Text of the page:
I was arrested for a felony… now what?
A felony arrest can be a life changing experience fraught with anxiety and fear. Most of those feelings are because you don’t know what is going to happen. What can I expect when I go to court? What are my rights? How long will this take? Will I be able to get out of jail?
It’s normal to have questions when you or a loved one is in trouble. Here we try and demystify the felony court proceedings and explain what will happen in a felony court procedure should you be charged with a felony offense.
When there is probable cause to believe you committed a felony offense, a peace officer may arrest you. An arrest consists of a police officer taking you into custody and booking you into the county jail. You will be: photographed (mug shot), fingerprinted, and assigned a booking number. The arresting agency will notate the felony charges on your booking sheet. These charges will determine your initial bail under the California Uniform Bail Schedule. You will appear before the court for a hearing within 48 hours of arrest, excluding weekends and holidays.
The arraignment is the first appearance in court. The purpose of the arraignment is to learn the formal charges against you and your constitutional rights, and for you to enter a plea to the accusations. In a felony case, it is always advisable to enter a Not Guilty plea so you can pursue any legal defense you may have. Your lawyer will also be allowed to address you custody status with the court, i.e. whether you remain in jail while you defend your case.
The bail review hearing is a statutory right of all criminal defendants. In this hearing the court will give you an opportunity to argue for lower bail or own recognizance release, aka “OR.” OR means the court lets you out of jail on your promise to appear without paying money for bail or posting a bail bond. You can present supporting evidence like letters, employment records, military records, health records, character references and any other evidence that shows you are not a risk to the public or a flight risk.
The Preliminary Hearing
The Preliminary Hearing is a pre-trial hearing where the prosecution must show the court that there is probable cause to believe you committed the felony charges levied against you. The judge will hear witness testimony and receive evidence from the prosecution and determine whether there is sufficient evidence to move forward with your case.
During your felony case, both the defense counsel and the prosecution are allowed to make formal motions requesting the court to take action. Initiating a motion requires the filing of a written plea outlining the relief sought. Most motions require a separate hearing for the judge to consider the request, and some motions call for witness testimony and the presentation of evidence. Typical motions in criminal cases include a motion to suppress evidence at trial, compel discovery (evidence), dismiss the case, release evidence for retesting or exclude testimony or other evidence.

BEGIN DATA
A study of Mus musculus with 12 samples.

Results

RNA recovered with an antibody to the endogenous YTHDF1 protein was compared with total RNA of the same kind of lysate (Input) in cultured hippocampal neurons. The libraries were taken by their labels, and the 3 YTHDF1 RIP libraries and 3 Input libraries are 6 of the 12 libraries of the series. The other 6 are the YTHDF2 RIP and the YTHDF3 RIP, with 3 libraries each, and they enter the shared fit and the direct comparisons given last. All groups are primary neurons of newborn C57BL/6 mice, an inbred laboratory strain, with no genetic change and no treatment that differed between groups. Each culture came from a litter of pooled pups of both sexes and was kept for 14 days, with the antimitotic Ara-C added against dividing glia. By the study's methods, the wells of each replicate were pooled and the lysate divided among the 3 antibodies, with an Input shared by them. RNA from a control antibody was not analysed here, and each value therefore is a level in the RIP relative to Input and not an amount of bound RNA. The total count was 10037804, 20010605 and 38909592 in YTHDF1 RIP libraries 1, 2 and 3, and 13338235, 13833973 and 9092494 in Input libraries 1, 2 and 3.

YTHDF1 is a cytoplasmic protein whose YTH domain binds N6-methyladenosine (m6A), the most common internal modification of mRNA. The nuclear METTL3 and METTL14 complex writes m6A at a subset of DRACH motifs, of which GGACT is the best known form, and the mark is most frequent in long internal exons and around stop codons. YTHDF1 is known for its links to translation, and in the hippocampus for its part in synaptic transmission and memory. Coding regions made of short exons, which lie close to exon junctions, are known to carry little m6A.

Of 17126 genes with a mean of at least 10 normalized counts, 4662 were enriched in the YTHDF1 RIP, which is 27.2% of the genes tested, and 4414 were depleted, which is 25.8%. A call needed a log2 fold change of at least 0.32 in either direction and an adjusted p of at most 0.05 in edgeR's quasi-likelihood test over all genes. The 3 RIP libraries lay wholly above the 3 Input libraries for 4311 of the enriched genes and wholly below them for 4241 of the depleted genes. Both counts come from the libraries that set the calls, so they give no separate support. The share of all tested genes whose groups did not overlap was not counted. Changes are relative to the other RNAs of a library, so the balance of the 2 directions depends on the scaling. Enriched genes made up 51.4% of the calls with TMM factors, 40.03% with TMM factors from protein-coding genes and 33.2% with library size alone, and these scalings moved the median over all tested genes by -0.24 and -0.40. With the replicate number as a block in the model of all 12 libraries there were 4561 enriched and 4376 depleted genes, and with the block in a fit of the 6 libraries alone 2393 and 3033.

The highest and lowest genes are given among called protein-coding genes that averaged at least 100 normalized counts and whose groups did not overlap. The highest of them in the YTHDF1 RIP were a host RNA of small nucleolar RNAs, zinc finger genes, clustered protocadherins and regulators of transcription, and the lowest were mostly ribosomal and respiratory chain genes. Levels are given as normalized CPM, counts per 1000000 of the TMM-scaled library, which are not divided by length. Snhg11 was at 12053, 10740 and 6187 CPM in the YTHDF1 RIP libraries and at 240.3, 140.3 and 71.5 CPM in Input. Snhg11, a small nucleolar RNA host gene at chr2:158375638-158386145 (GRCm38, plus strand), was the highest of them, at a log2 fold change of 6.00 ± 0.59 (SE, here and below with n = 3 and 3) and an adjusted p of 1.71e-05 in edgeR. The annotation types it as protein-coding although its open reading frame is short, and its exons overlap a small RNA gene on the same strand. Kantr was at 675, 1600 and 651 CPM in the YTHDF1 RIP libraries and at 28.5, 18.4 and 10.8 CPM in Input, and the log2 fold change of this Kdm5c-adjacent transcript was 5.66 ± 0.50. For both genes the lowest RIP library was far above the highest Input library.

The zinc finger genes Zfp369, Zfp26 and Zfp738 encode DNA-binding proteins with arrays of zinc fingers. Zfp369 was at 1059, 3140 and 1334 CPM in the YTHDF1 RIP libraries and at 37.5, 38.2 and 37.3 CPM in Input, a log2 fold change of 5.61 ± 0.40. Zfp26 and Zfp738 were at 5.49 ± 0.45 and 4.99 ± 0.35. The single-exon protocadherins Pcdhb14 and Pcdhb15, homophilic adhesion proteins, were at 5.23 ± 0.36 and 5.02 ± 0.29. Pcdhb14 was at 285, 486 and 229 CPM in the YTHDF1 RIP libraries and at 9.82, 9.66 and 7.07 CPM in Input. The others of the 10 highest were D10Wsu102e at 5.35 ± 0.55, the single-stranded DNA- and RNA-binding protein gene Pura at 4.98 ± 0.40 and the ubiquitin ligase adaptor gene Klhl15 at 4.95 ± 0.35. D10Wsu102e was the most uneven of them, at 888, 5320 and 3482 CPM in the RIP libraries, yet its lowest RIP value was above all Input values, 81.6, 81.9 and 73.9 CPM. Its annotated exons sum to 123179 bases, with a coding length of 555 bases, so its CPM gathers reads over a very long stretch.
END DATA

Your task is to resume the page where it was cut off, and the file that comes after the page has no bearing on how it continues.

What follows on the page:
The Readiness Conference
A readiness conference is a final chance for the judge to check in with both sides before the commencement of trial. The judge will hold a chambers conference with only the attorneys. Each team presents the case’s posture for settlement to determine whether the court can reach a settlement (or plea bargain) between the prosecution and defense. The judge will also discuss practical details such as the proper exchange of discovery, the length of the expected trial, and whether both sides will be ready to proceed on the day of trial.
The Jury Trial
If you do not settle your case, by way of plea or dismissal, you will have to stand trial. A jury trial requires 12 members of the community to hear the evidence against you and determine whether or not you are Guilty or Not Guilty. You will have a right to cross-examine all the witnesses testifying against you and to present any of your evidence in your defense. The jury verdict must be unanimous. If the jury finds that you are Not Guilty of all the charges and allegations, the case is over. Otherwise, the case will continue.
Sentencing and Punishment
If you are found guilty of any of the charges, by way of a jury verdict or guilty plea, the judge will sentence you to determine the appropriate punishment. For felonies, the punishment ranges from probation to Life in Prison Without the Possibility of Parole and even death. The judge would have broad discretion at sentencing unless the prosecution and defense agreed on a punishment sentence as part of a plea bargain.
Appeals and Writs
After sentencing, you will have an opportunity to appeal the decision to the court of appeals. An appeal does not mean you get to retry the case. The court merely looks at the record of the trial proceedings to determine if there was any reversible error that rendered the proceedings unlawful. If the court denies your appeal, you can apply for review at the California Supreme Court. Once all appeals are exhausted, you may have the ability to file a federal writ. Of course, extraordinary writs are always available at any stage of the proceedings if sufficient grounds arise. But they are not part of a typical case.